Gretchen Reynolds of the Times comes back to the new emerging wisdom in exercise - short and intense workouts beat long, patient ones. Some famous studies demonstrated the efficacy of high intensity training for athletes, but this new study looks at sedentary middle-agers:
In proof of that idea, researchers at McMaster University in Hamilton, Ontario, recently gathered several groups of volunteers. One consisted of sedentary but generally healthy middle-aged men and women. Another was composed of middle-aged and older patients who’d been diagnosed with cardiovascular disease.
the researchers also developed a gentler but still chronologically abbreviated form of HIIT. This modified routine involved one minute of strenuous effort, at about 90 percent of a person’s maximum heart rate (which most of us can estimate, very roughly, by subtracting our age from 220), followed by one minute of easy recovery. The effort and recovery are repeated 10 times, for a total of 20 minutes.
Despite the small time commitment of this modified HIIT program, after several weeks of practicing it, both the unfit volunteers and the cardiac patients showed significant improvements in their health and fitness.
And this may come as a surprise - they liked it!
Almost as surprising, the cardiac patients have embraced the routine. Although their ratings of perceived exertion, or sense of the discomfort of each individual interval, are high and probably accurate, averaging a 7 or higher on a 10-point scale, they report enjoying the entire sessions more than longer, continuous moderate exercise, Dr. MacDonald said.
“The hard work is short,” she points out, “so it’s tolerable.” Members of a separate, exercise control group at the rehab center, assigned to complete standard 30-minute moderate-intensity workout sessions, have been watching wistfully as the interval trainers leave the lab before them. “They want to switch groups,” she said.
Left unmentioned - 30 minutes of slow cycling on a stationary bike takes you near the pinnacle of tedium (in a modern gym a television would be available, which is not so for the lap swimmers.) However, a serious interval effort is only boring to people who think that being waterboarded would be boring. For the rest of us, pain is not dull.
FULL DISCLOSURE: I was a skeptic, but science is science.
But I do want to make a point about the nature of social explanation.
I don’t care how many factory jobs have been lost, it still doesn’t make sense to drop out of high school.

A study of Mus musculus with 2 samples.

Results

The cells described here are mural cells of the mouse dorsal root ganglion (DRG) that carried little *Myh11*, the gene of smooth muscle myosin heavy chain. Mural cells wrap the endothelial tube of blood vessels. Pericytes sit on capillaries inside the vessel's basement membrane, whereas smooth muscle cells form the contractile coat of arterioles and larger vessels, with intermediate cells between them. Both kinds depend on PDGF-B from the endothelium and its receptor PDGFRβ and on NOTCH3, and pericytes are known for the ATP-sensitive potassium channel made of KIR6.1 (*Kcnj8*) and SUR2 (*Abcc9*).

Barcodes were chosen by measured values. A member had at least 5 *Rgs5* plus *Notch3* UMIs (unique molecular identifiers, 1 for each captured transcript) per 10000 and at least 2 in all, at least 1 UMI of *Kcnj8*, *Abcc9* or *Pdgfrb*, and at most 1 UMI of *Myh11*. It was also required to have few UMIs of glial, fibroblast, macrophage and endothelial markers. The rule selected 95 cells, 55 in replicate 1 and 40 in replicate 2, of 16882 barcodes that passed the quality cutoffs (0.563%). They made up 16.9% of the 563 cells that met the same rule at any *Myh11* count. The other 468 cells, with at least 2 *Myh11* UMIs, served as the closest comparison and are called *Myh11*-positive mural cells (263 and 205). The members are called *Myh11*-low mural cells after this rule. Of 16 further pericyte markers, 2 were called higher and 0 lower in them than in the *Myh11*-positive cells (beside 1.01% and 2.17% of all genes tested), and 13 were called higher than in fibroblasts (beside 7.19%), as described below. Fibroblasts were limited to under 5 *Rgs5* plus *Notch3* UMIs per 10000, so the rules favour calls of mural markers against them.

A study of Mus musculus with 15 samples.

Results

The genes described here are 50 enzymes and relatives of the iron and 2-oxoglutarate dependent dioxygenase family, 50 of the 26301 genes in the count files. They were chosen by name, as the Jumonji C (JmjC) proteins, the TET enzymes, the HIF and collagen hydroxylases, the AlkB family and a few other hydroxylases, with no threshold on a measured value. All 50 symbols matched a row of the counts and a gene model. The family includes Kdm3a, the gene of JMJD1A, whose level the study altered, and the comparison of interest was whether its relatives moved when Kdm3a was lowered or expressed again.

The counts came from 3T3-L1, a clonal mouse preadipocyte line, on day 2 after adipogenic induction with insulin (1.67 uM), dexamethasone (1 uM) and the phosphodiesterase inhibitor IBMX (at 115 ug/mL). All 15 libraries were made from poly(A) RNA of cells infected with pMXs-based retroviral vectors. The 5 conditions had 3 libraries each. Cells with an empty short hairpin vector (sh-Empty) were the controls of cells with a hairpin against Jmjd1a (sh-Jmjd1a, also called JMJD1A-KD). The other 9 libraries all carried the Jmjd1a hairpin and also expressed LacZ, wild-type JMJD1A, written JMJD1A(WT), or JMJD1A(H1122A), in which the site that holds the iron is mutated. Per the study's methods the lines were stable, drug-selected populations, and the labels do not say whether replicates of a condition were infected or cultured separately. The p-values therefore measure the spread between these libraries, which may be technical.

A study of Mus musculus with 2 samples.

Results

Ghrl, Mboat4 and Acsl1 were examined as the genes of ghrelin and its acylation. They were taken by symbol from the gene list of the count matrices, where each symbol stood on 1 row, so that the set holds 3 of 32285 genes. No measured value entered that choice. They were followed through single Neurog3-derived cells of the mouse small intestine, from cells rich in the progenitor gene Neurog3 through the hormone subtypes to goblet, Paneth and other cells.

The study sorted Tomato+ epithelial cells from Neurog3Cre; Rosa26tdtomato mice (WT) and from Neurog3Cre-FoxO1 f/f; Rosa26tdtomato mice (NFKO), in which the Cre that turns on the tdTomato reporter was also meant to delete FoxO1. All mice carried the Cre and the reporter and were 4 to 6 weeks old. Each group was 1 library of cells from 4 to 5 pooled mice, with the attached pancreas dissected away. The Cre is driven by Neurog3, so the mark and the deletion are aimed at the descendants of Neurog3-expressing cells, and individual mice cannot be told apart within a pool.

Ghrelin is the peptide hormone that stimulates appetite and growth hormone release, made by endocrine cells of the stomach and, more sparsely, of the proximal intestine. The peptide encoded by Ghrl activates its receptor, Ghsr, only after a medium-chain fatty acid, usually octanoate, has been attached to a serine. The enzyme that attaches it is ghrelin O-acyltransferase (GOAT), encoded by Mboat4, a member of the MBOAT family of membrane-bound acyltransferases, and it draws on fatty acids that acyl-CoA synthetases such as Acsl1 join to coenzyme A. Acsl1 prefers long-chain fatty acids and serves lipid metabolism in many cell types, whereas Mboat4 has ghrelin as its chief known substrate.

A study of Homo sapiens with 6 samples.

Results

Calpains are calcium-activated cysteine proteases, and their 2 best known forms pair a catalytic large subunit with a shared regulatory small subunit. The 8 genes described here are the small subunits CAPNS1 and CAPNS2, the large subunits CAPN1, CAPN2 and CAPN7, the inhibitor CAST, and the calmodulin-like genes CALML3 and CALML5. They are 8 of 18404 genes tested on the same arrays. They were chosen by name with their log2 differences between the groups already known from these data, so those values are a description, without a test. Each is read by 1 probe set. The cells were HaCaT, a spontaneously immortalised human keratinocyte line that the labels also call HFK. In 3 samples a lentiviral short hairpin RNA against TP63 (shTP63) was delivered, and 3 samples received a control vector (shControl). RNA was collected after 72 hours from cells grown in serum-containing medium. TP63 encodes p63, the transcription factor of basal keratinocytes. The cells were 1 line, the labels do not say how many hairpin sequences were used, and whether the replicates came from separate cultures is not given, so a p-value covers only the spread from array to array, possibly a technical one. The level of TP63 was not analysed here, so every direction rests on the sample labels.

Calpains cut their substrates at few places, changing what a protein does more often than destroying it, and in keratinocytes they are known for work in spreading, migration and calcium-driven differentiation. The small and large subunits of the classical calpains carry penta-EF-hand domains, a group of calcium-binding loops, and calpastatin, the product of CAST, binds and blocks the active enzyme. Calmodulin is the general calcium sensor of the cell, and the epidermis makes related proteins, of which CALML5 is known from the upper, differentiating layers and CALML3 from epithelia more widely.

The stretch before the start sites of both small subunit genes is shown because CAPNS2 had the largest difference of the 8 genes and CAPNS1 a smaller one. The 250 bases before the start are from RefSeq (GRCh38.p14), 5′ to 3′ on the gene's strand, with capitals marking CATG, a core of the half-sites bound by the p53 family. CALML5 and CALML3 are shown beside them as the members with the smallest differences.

True enough. But suppose we apply the same logic to another problem, say obesity:
I don’t care how little manual work Americans engage in these days, or how available fast food has become, it still doesn’t make sense not to stay at your ideal weight through diet and exercise.
This is also true — yet few people do this (I don’t, although I’ll get on the treadmill in a few minutes).
If Krugman is truly reality-based he'll know what to do when next he gets on that treadmill. All aboard the Distress Express!
Oh, and he needs to switch to low-carbs, slow-carbs. This shouldn't be a partisan fight, but I assume Krugman will want to make it one (the vegetarians are mostly on the left and a diet based on grass-fed beef is not a sustainable model for the world.)
Well - both sides agree that sugar is out, so be sure to exclude fruit juices and sports drinks. Refined carbs generally are the treats of the devil and do give some special thought to wheat gluten. Some theorists believe that there are two types of people in the world - those who know they are sensitive to gluten, and those who have not yet realized they are sensitive to gluten.
LET ME ADD: Bryan Caplan's response to Krugman was far more interesting (and far less practical) than mine. Just a snippet:
When someone drops out of high school, overeats, or fails to exercise, you tell us that their behavior is only "human." But if a conservative or libertarian objects to paying taxes to help people who make these choices, you get angry. Question: Why are you so forgiving of people with irresponsible lifestyles, but so outraged by people who don't want to pay taxes to help people with irresponsible lifestyles?
Hmm, because these poverty-deniers are haters? Or racist? Or racist haters? I am rarely successful trying to think like a lib.